Trey Muse squatted on the ground roughly half the distance between midfield and the goal at Harder Stadium in Santa Barbara, California.
The goalkeeper held himself up with a single fist. He sat momentarily still for in pure shock at what just happened.
The Hoosiers had just fallen 2-0 in the 2018 College Cup semifinals despite being the lone top-16 seed remaining.
It was a game that the Terrapins defense dominated from the start. For eight seniors, their careers at IU were over. Muse also had to decide if it would be his final game in the cream and crimson.
After an All-American season where he helped guide the Hoosiers to their second straight College Cup, Muse had accomplished so much in a short amount of time.
Over his 49 starts, Muse tied for fifth all time in program history with 30 shutouts and had a goals against average of 0.39.
On Jan. 15, it was announced that Muse had signed a homegrown player contract with the Seattle Sounders, thus foregoing his remaining collegiate eligibility.
“I’ve had aspirations to be a pro for a while, so the opportunity at Seattle came about, and I think it was a difficult decision because I love Indiana,” Muse said.
Muse thought he’d be a professional sooner rather than later.
He had aspirations to sign with the Sounders or possibly play in Europe.
As part of the Seattle Sounders FC Development Academy, Muse quickly emerged as the starting goalkeeper for the U-18 group.
He was named the 2015-16 Western Conference U-15/16 Goalkeeper of the Year, 2016-17 Western Conference Goalkeeper of the Year and the 2016-17 Western Conference Player of the Year.
He was 2,379 miles away from home as he moved from Louisville, Kentucky to Tukwila, Washington at 16. Muse lived with a host family and went to Roosevelt High School while playing with the academy.
During his time with the Sounders, he helped guide them to a third-place finish in the U.S. Soccer Development Academy playoffs — the club's best finish ever at the time.
Muse also played with the U.S. U-18 Men’s National Team in the 2017 Slovakia Cup. He started one game in the competition — a 2-1 victory over Belarus.
As he wrapped up his second season with the Sounders, the organization wanted him to get collegiate reps and game experience instead of signing professionally. That’s where IU stepped in.
To that point, most schools stopped recruiting Muse with the thought he’d skip college.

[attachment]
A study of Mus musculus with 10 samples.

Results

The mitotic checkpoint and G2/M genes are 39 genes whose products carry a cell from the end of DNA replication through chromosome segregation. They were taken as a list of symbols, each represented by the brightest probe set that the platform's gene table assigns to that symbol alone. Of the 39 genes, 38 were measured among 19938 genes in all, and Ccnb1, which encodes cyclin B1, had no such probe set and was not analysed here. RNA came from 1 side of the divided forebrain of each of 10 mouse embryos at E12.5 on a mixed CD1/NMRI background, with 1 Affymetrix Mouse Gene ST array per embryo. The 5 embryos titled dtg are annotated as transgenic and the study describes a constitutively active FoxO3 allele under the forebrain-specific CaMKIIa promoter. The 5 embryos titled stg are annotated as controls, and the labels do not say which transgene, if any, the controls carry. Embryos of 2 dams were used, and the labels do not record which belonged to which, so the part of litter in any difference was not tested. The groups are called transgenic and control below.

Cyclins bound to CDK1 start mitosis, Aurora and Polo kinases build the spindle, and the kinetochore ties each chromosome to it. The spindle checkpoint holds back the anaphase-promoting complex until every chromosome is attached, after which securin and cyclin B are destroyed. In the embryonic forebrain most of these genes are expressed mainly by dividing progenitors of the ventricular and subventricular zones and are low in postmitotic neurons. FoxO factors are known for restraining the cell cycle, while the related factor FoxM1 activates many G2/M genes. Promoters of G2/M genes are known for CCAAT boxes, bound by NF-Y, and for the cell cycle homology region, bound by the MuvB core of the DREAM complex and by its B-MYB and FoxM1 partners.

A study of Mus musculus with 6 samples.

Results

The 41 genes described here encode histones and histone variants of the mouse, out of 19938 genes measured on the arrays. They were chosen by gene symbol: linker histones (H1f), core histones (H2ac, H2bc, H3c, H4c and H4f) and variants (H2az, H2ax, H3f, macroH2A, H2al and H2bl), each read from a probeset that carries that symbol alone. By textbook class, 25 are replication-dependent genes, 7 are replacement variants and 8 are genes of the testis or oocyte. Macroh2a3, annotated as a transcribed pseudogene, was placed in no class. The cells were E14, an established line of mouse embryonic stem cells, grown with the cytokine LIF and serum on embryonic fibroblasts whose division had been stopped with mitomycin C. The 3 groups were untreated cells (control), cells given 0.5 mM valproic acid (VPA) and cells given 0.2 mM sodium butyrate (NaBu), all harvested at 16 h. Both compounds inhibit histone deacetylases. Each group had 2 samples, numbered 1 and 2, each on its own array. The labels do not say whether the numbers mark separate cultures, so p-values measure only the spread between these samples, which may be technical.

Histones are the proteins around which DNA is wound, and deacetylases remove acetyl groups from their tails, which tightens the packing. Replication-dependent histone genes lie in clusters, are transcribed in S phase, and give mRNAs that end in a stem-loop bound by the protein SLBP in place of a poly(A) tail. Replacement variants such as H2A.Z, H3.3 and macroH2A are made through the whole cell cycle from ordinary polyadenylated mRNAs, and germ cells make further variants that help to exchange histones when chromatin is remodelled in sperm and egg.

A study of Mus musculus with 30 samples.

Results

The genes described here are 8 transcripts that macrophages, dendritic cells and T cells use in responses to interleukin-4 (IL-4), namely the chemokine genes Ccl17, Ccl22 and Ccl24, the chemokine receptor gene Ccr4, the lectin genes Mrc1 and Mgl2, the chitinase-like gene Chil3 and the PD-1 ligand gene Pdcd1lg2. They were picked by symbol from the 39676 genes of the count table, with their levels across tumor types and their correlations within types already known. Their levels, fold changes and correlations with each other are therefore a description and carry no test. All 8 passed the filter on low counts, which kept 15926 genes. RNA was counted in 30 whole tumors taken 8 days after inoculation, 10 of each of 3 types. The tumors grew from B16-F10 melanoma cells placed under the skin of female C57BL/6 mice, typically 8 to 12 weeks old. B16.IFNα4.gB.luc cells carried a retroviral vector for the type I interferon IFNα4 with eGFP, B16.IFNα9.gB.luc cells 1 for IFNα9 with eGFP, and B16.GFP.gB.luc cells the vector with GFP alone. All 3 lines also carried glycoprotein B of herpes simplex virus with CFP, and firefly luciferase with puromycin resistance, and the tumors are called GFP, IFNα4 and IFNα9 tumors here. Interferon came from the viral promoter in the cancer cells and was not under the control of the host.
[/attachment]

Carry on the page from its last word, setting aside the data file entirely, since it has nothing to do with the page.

His father, Dave Muse — a four-year goalkeeper at the University of Kentucky — said the Wildcats staff had kept an eye on Trey since he was 13.
He also looked at Louisville and Maryland, but IU continued to press hard with its recruiting effort and a visit sealed the deal.
“IU is one of the only schools that I was getting recruited heavily so if it wouldn’t have been IU, I’m not sure where it would’ve been,” Trey Muse said.
In the 2017 Elite Eight against Big Ten rival Michigan State, all Muse had to do was save one more penalty kick to send IU to the College Cup.
The last time he had been in a shootout situation was when he was 15. As the starting goalkeeper for the River City Rovers U-16 team, Muse's team lost in penalty kicks for the state championship.
But the bright lights didn't bother Muse against the Spartans.
With over 49 starts at IU, his resume speaks for itself. Muse is tied for fifth in program history in shutouts and boasted a goals a goals allowed average of 0.39.
Awaiting the attempt, he stood in the middle of the goal with both arms outstretched. As the Michigan State player bowed into the kick, Muse dropped his hands.
The Michigan State shooter fired the ball toward the right corner of the net. Muse chose his spot perfectly. Diving the same direction as the shot, with his hands reaching toward the ground, Muse blocked the ball.
Upon making the save, Muse leapt into the air. A celebratory eating motion followed. It looked as if he was devouring a bowl of cereal.
“That was the night when he etched himself in Hoosier history,” Zac Brown, IU assistant and goalkeeper coach, said. “I think it was just a memorable night for everyone, but he definitely made himself different.”
With the offer from the Sounders on the table after the 2018 College Cup loss, Dave Muse had a discussion with IU Coach Todd Yeagley involving the future of his son’s soccer career.
“I told him to forget that he was his coach, just think about if you’re his dad, what would you do,” Dave Muse said.
In the conversation between the two, Dave recalled Yeagley explaining how it’s a tough decision because both options presented positive outcomes.
Regardless of where Trey Muse chose to play soccer next, he was going to be in a situation that he was comfortable and familiar with.
It wasn’t an easy decision, but after two historic seasons as a Hoosier, Muse felt entering the professional ranks was the right move to make.
After a glowing career in Bloomington, Trey Muse is now officially a member of the Seattle Sounders.
“I just think it was a really special year and a half of my life with how the coaches pushed me to become a better player was something that I was appreciative of,” Trey Muse said. “I think the side of that, I became a better person at IU.”